Mediterranean sorrow as virus upends greeting rituals
To greet friends and acquaintances by kissing, hugging and shaking hands is considered part of the essence of Mediterranean identity.
But the coronavirus pandemic has put an abrupt end to such rituals with no indication of when it will be safe to resume them.
Fear of spreading the virus has upended traditions as close physical contact suddenly became dangerous, even life-threatening.
Fisherman Daniel Reggio used to hail friends and colleagues with the traditional “bise” or cheek-kissing when he bumped into them in the southern French port city of Marseille.
Since the spread of COVID-19, he has resorted to elbow-bumping.
“We can’t say we don’t miss it, but going without isn’t going to end friendship or complicity,” said Reggio, as he sold sea bream in Marseille’s historic Old Port area.
Pensioner Yvon Tapias organises walking tours in Marseille. He now greets people with the “Wuhan shake”, a foot greeting that harks back to the Chinese city where the novel coronavirus first appeared.
“We touch each other with our soles,” he said, pointing to the inside of his foot.
“People from the south need contact,” Tapias said.
In Tunisia, actor Mohamed Werdeni said the physical greetings were part of regional traditions.
“We like to kiss each other two, three, four times, depending on the region. It’s very weird to say hello like this now.”
– ‘Gut-wrenching’ –
Even men normally greet each other with the “bise” in Marseille.
“It’s where I first kissed executives. I had never had the idea of kissing a banker before!” said the director of Marseille’s acclaimed Museum of Civilizations of Europe and the Mediterranean, Jean-Francois Chougnet, who arrived from Paris a few years ago.
Further west along the Mediterranean coast, people from Montpellier are even greater fans of the bise. Each greeting leads to three enthusiastic cheek kisses.
“We really miss it. It’s gut-wrenching every time we have to stop ourselves,” student Melodie Ricaud said, adding that she now hesitates between a distant hand gesture and the Indian greeting “namaste” where both hands are brought together in front of the chest.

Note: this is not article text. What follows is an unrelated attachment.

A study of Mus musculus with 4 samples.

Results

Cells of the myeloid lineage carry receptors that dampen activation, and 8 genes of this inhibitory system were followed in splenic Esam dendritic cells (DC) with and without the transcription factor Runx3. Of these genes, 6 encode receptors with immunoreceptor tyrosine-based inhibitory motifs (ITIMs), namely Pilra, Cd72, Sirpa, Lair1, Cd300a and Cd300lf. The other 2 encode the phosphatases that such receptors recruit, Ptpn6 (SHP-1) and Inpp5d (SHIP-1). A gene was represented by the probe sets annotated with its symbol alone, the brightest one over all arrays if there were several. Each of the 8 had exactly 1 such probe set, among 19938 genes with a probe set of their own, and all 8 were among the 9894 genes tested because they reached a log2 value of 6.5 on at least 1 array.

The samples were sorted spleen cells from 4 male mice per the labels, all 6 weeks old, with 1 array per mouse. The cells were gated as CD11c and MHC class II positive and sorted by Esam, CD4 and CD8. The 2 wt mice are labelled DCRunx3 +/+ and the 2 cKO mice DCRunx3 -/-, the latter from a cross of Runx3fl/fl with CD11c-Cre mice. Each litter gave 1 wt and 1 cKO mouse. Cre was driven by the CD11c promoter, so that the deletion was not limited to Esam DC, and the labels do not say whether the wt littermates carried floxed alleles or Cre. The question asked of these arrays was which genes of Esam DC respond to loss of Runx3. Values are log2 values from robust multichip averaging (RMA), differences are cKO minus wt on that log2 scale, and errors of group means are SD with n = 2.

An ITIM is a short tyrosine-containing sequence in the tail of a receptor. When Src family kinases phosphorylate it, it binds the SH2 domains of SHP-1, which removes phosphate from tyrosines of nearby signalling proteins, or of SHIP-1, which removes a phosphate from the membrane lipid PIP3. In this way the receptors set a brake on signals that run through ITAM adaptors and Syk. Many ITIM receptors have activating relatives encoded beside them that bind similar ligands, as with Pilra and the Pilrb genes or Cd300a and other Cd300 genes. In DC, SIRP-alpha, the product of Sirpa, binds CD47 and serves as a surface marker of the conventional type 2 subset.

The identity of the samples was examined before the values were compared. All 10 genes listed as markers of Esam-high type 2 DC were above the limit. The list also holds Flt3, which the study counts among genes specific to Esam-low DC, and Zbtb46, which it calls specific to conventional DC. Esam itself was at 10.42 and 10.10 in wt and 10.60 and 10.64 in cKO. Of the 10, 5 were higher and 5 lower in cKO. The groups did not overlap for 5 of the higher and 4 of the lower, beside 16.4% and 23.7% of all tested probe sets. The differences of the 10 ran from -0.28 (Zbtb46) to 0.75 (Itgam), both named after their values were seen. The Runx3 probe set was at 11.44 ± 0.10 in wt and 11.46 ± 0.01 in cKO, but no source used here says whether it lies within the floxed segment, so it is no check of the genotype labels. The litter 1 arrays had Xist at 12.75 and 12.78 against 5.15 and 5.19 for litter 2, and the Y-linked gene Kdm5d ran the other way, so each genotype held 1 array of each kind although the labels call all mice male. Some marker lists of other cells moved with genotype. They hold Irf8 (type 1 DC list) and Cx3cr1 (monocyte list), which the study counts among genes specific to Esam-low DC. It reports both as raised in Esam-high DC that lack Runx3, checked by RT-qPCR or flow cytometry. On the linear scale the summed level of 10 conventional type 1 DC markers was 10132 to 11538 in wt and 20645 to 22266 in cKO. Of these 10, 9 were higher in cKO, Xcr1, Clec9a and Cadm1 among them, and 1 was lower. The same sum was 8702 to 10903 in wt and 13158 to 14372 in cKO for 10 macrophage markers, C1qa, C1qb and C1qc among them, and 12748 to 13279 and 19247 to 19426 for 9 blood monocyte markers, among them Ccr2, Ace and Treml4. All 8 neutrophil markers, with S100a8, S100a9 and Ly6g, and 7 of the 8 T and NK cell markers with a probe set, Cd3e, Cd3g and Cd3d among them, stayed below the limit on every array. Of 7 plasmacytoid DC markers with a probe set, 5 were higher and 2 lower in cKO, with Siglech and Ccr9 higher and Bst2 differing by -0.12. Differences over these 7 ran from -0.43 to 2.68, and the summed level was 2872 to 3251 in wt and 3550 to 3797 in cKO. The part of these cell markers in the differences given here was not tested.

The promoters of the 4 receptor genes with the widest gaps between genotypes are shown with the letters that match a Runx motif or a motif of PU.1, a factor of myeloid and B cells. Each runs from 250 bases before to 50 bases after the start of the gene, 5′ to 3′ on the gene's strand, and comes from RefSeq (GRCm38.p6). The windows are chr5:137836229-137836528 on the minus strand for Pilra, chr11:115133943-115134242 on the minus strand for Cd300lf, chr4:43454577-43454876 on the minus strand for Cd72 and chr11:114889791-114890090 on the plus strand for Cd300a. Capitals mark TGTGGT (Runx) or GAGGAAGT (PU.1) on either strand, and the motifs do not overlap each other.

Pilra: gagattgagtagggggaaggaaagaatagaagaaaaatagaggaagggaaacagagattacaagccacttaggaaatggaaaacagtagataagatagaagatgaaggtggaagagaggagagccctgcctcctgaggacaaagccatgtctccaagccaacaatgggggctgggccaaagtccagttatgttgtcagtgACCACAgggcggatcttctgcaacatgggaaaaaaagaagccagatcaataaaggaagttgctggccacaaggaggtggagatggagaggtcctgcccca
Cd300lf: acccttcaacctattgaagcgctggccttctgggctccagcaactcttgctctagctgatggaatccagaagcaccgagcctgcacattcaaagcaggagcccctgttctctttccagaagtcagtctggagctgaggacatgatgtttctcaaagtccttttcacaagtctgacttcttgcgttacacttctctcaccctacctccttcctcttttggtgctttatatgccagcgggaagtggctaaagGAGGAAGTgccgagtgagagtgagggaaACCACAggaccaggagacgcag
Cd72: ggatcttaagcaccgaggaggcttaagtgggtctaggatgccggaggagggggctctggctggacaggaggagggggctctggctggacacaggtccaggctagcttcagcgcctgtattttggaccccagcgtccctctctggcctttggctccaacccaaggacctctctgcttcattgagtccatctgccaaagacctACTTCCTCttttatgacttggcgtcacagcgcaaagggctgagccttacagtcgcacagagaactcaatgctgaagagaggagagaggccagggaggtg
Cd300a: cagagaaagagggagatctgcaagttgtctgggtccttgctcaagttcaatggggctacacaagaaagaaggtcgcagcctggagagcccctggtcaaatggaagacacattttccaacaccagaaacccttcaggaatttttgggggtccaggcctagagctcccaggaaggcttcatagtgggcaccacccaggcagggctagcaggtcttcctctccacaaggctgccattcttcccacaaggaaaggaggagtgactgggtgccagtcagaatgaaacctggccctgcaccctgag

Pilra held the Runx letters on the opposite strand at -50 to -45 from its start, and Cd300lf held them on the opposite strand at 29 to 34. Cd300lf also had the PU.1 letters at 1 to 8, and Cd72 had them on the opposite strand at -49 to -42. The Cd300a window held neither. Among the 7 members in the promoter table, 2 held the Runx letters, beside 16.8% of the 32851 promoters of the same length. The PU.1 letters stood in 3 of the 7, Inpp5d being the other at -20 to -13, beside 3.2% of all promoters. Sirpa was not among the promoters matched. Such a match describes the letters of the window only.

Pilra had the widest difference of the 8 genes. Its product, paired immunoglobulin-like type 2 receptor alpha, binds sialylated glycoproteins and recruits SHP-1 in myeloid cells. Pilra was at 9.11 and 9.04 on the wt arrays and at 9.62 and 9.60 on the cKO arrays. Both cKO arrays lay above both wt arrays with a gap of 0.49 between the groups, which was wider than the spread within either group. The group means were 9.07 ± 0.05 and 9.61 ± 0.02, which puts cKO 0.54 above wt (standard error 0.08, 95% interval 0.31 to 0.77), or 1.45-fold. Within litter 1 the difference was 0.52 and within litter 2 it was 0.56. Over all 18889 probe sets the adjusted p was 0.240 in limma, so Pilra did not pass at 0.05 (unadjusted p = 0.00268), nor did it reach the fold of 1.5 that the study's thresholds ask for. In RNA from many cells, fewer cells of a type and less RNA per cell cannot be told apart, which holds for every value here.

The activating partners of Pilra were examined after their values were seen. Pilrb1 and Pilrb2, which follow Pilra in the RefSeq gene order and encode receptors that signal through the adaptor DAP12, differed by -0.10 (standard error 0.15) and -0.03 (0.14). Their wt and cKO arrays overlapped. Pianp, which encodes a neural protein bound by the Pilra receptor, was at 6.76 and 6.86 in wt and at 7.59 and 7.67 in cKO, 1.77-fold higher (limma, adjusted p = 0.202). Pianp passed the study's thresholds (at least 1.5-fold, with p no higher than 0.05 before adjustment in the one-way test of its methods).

Fatima Boulamaat, from Montpellier’s working-class area “Petit Bard”, no longer greets her friends with physical contact.
“I do the sign that my Moroccan grandmother did, with the right hand on the heart and an intense gaze so that they feel my affection,” she said.
– ‘Way of life’ –
Physical proximity is also an essential component of social interactions on the other side of the Mediterranean in Tunisia and Algeria.
“The physical relationship is very important in Algeria. We touch a lot, we’re very warm and expressive through our gestures,” said Nacer Djabi, professor of sociology at the University of Algiers.
“Hugging and kissing are a sign of kindness and acknowledgement,” added prominent Tunisian sociologist Mohamed Jouili.
For French anthropologist Genevieve Zoia, “our Mediterranean identity is based on physical closeness”.
Heavy death tolls in Italy, Spain and France from COVID-19 have transformed these traditional mannerisms, integral to the Mediterranean way of life.
“Fear of the virus comes before everything, even in a skin against skin country like Spain,” said Spanish psychologist Javier Urra.
– ‘Smiling with eyes’ –
But getting used to these changes can be difficult. “Our behaviour is a habit,” said Urra.
“In Spain we have been told since childhood: ‘Give that person a kiss’. And suddenly the order is: ‘Do not touch anyone’. It is almost unnatural,” said the psychologist Urra.
The widespread use of masks might be an even bigger break with tradition than not kissing or shaking hands, said Chougnet. “In our society wearing a mask is very unnatural,” he added.
The virus has “traumatised” people, said Manuel Armayones, lecturer in psychology at the Universitat Oberta de Catalunya in Barcelona.
“We are generating a new social norm in response,” he added.
“We are seeing a greater capacity to express emotions.”
On the shore in Marseille, Fisherman Daniel Reggio said wearing mask has taught him to smile with his eyes. “And we add words to compensate for gestures we can no longer do, like ‘friend’ and ‘brother’,” he said.